Thursday, February 07, 2013

Vegetarians Hate Animals

"The ethics of eating red meat have been grilled recently by critics who question its consequences for environmental health and animal welfare. But if you want to minimise animal suffering and promote more sustainable agriculture, adopting a vegetarian diet might be the worst possible thing you could do...Agriculture to produce wheat, rice and pulses requires clear-felling native vegetation...Grazing occurs on primarily native ecosystems. These have and maintain far higher levels of native biodiversity than croplands...Anyone who has sat on a ploughing tractor knows the predatory birds that follow you all day are not there because they have nothing better to do. Ploughing and harvesting kill small mammals, snakes, lizards and other animals in vast numbers. In addition, millions of mice are poisoned in grain storage facilities every year." [Mike Archer, The Conversation]

Nod to Kevin Lewis

8 comments:

Stuart said...

What percentage of farmed animals "graze"? And where does the food for the rest of them come from?

Squarely Rooted said...

This is all well and good, because apparently:

"In Australia 70% of the beef produced for human consumption comes from animals raised on grazing lands with very little or no grain supplements. At any time, only 2% of Australia’s national herd of cattle are eating grains in feed lots; the other 98% are raised on and feeding on grass. Two-thirds of cattle slaughtered in Australia feed solely on pasture."

Yet here in the US:

http://www.pbs.org/wgbh/pages/frontline/shows/meat/safe/know.html

"Today, the vast majority of cattle spend anywhere from 60-120 days in feedlots being fattened with grain before being slaughtered. Unless the consumer deliberately chooses grass-finished or "free-range" meat, the beef bought at the grocery store will be of the corn-finished variety."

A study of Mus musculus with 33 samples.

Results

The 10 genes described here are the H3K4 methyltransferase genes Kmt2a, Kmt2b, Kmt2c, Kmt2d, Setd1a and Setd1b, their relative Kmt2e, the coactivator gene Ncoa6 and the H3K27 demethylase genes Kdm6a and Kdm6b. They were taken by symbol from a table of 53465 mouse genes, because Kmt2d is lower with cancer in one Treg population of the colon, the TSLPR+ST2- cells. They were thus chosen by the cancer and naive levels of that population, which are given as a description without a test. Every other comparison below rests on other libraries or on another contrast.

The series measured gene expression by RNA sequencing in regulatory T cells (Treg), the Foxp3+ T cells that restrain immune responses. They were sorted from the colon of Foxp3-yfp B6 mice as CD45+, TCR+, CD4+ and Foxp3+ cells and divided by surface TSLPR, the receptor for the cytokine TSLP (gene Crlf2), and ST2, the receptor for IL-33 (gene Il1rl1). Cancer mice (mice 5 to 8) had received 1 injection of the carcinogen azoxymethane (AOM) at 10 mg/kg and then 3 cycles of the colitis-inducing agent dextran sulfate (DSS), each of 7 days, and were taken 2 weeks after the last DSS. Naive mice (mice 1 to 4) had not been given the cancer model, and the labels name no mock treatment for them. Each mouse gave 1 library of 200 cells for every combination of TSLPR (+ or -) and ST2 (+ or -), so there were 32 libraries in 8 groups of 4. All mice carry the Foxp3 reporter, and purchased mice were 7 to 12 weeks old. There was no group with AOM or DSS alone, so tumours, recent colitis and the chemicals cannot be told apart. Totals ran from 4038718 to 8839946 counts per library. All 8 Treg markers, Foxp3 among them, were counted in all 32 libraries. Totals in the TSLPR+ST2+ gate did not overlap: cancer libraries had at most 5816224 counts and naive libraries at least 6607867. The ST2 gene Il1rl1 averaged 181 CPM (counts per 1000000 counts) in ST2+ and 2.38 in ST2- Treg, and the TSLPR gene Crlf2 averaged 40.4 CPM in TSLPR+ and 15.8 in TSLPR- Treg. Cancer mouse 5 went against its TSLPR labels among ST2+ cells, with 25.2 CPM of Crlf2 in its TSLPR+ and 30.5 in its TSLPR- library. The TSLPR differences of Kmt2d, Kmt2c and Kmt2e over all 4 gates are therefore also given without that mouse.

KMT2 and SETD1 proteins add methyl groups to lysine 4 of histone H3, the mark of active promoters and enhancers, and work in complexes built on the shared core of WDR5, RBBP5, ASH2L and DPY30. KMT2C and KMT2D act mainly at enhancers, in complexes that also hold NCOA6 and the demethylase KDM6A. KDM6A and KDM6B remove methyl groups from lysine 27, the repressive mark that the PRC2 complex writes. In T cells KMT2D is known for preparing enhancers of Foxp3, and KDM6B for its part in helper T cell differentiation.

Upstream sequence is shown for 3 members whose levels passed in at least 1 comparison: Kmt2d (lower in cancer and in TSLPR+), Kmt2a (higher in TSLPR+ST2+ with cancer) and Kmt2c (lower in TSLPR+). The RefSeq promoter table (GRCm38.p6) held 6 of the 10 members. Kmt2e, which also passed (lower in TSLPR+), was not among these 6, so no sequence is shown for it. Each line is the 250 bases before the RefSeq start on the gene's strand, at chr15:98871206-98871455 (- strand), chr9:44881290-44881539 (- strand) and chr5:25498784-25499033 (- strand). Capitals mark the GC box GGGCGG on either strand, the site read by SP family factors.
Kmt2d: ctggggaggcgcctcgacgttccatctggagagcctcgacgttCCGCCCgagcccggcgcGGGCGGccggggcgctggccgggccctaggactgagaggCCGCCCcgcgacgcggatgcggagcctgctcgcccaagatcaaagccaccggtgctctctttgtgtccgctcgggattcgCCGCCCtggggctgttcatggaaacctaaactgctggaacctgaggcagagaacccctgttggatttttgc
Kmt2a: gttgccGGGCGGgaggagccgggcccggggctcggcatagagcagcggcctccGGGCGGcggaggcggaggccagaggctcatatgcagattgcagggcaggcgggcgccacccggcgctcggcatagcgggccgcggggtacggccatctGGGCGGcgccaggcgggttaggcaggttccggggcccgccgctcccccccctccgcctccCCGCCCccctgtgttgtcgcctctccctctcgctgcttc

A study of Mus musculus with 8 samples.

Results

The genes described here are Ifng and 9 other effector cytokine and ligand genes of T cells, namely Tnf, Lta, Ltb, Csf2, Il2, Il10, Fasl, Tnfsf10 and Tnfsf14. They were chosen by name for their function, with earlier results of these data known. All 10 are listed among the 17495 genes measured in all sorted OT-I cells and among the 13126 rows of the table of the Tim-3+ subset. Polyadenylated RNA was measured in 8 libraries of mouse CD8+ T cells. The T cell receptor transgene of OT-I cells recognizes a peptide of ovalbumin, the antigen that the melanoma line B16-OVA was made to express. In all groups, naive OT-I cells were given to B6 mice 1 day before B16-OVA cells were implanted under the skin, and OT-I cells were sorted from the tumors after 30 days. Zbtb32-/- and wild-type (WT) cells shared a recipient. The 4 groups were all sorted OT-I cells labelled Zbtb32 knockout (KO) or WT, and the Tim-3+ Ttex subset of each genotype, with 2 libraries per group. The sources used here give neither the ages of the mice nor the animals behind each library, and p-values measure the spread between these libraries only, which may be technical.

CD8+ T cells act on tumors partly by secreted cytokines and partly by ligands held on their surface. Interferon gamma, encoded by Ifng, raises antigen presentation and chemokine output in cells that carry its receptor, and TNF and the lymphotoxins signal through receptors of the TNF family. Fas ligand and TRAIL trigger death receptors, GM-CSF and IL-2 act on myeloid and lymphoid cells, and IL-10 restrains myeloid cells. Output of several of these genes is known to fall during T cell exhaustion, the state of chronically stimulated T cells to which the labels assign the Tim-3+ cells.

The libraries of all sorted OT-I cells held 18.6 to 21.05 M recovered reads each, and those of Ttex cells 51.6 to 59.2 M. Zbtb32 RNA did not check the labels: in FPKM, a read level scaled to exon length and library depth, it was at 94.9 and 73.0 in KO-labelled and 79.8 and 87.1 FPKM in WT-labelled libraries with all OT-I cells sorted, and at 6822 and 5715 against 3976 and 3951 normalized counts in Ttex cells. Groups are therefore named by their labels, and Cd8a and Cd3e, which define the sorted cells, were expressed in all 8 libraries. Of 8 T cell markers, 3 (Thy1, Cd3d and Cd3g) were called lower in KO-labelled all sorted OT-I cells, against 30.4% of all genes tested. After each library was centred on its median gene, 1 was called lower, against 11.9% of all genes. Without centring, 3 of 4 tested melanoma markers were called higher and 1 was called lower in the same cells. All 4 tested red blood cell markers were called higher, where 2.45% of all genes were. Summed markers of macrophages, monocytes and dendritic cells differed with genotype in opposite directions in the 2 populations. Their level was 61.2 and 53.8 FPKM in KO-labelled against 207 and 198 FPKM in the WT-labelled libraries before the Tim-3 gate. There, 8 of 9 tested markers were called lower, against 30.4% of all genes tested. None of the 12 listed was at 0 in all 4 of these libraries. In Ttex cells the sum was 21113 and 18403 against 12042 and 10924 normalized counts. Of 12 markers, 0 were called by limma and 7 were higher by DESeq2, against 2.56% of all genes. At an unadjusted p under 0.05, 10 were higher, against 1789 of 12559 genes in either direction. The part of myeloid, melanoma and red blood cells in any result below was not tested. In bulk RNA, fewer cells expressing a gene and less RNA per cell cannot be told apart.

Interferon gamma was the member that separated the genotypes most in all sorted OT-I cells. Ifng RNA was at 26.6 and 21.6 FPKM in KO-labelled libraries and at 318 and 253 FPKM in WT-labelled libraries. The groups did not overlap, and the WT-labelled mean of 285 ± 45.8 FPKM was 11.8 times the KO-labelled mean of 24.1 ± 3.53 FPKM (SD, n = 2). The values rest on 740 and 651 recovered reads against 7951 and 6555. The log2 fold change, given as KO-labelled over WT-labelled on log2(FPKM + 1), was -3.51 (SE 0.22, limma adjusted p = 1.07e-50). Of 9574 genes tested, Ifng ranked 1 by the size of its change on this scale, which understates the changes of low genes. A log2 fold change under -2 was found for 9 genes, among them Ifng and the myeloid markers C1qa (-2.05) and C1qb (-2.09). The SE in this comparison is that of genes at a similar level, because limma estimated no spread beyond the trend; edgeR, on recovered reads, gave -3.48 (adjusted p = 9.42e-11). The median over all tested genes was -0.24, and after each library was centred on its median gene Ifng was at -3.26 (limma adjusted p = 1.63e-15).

And maybe even some chocolate?

http://www.marketplace.org/topics/sustainability/corn-prices-rise-farmers-add-candy-cows-feed

"Kansas dairy farmer Orville Miller says he's replacing about 5 percent of his cow feed with chocolate. "Cows love chocolate," Miller says. "When I feed the cows they go nosing through their total mixed ration trying to find pieces of chocolate and they'll eat those out first."

Miller also feeds his cows taco shell rejects. Ki Fanning at Great Plains Livestock Consulting in Nebraska says others are substituting cereal, french fries, ice cream sprinkles, marshmallows, cookies and even gummy worms. "Cattle can utilize gummy worms just the same way we can," says Fanning. "They put on a lot of weight with those products because they're high in sugar."

Where does all the cheap starchy sugar come from? Bran Dill works for a company that sells candy "salvage" to farmers and ranchers. He says companies want to get rid of product that has been broken or spoiled in some way. Dill says prices for broken chocolate have more than doubled from $60-$80 a ton to about $200 a ton because of the demand but it's still cheaper than corn, for now.

Other "salvage" food that farmers and ranchers are buying is cereal that's accidentally oversugared, says Ki Fanning.

Some farmers are sticking with more traditional substitutes, like straw that's normally used for animal bedding, distillers' grain and damaged potatoes. Wisconsin dairy agent Nolan Andersen says cows find raw potato rather bland so some farmers add molasses to sweeten it up."

So while Australia (which has 7% of the population of the United States) may be eating meat more friendly to the environment, most American beef is fed using grains and other...stuff. So first we have to incur all the costs of making that stuff, and instead of eating, we feed it to cattle and incur all those extra costs.

TimmyD said...

May God have mercy on the poor soul tasked with taking away my bacon wrapped cheese-burger...

Zachary said...

Munger, I know you enjoy this kind of stuff - but you also know better. It takes more grain to feed the US cow than it does to feed a US person. Eating cows increases the total amount of grain consumed and farmed.

We can talk about what cows SHOULD be eating. But that is a different conversation from what they ARE eating.

From you, posts like this are unbecoming...

Anonymous said...

The Conversation is a really hit and miss affair however rest assured the blurb advises it "curated by professional editors". Lots of lightweight articles by academics not likely to be published elsewhere.

Aussie Anon

BR said...

We have to think of all the cows that never would have been born if not to feed humans. I believe the saying is "better to have lived a short corn-fed life than never to have lived at all".

Stuart said...

Given the title of the post I think Mike is just trolling his vegetarian/vegan readers.

"better to have lived a short corn-fed life than never to have lived at all"

Surely there is life terrible enough that you'll admit this isn't true. Factory farmed animals generally do have *terrible* lives. How on earth can you be confident theirs lives are worth living.

I have seen this argument hashed out before, I hope the clincher isn't that the animals don't actively try to commit suicide. Though it does go nicely with the cute saying.